MONTREAL – Furheen Ahmed feels like a second class citizen. The 29-year-old was born and bred in Montreal even graduated from the same school she teaches at today.
“To be told you’re not good enough the way you are, this is somehow making you less professional, which I don’t believe it is at all. To hear that or feel that doesn’t feel good, it’s disheartening,” said the Westmount High School teacher who wears a hijab.
Students and staff have been standing up against the proposed Charter by protesting outside the school every Friday since the beginning of September. The teacher spearheading the campaign against the controversial bill calls it a sad day for Quebec.
“We’re absolutely outraged that anyone would dare suggest that Miss Ahmed is anything less than an outstanding teacher simply because of wears on her head” said Robert Green.
And while both teachers don’t believe the bill will ever become the law, the mere fact that it has made it this far comes as a surprise.
But Ahmed isn’t going anywhere. She’s determined to fight for right to wear a religious symbol on the job.
“In the Canadian Charter of Rights and Freedoms it states that this is my right, so I won’t quit, I won’t be leaving Westmount High School; I hope not and I don’t plan on taking off my hijab,” insisted Ahmed.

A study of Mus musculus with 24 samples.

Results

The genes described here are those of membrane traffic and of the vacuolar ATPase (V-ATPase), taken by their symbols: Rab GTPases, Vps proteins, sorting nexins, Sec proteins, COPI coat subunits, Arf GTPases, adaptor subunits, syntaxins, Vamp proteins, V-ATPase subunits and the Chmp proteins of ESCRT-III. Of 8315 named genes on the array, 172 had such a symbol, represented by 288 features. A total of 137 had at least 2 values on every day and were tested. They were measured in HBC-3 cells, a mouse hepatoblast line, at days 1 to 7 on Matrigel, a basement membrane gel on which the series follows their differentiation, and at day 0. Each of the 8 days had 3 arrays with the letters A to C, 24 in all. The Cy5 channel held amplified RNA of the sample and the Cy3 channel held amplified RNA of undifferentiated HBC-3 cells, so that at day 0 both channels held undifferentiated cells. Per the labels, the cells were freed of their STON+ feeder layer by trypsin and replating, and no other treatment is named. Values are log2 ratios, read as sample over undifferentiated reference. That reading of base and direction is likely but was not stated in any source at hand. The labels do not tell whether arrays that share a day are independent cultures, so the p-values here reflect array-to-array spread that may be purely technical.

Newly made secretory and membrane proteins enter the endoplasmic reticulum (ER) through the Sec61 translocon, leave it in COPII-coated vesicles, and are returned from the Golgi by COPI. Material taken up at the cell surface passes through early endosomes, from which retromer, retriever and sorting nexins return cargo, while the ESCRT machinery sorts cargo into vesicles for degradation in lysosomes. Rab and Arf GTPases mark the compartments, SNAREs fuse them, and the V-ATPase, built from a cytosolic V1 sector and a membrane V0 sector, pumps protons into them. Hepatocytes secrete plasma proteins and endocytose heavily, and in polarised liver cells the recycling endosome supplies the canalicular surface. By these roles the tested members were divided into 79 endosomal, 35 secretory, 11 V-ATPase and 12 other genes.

While speaking to University students in Montreal on the same day the bill was tabled, the man behind the reasonable accommodations commission argues the charter will never stand in the court of law.
“You can limit rights, the courts do that every day, provided you can rely on a superior motive,” said Gérard Bouchard, who added that in the case of bill 101, the courts upheld the argument of a superior motive.
“It seems to be very theoretical, this idea that because the state is neutral its employees are representative of the state so they should refrain from wearing religious signs. To me, those are groundless inferences.”
The charter has faced serious criticism across Canada. Some, including NDP leader Thomas Mulcair, suggest it’s a cheap political move from the Parti Québécois.
“I’m a Quebecer. I know that Quebec values are values of inclusion and openness and it looks like Pauline Marois is stealing a page from Harper’s playbook- being as divisive as possible,” said Mulcair.
And back at Westmount High, Green questions whether Pauline Marois and her party have really thought this one through.
“It is unbelievable that the government is going down this road. And I wonder if Madame Marois is lying on a hospital bed in the emergency room, would she rather have the most qualified person treating her or the person who looks most like her culturally?”
It’s a question the teacher hopes all Quebecers will start to ask themselves.
Green also pointed out that the new name for the bill is a complete run-on sentence (Charter Affirming The Values Of Secularism And The Religious Neutrality Of The State, As Well As The Equality Of Men And Women, And The Framing Of Accommodation Requests), noting that as a teacher he would be forced to give the charter’s new name a failing grade.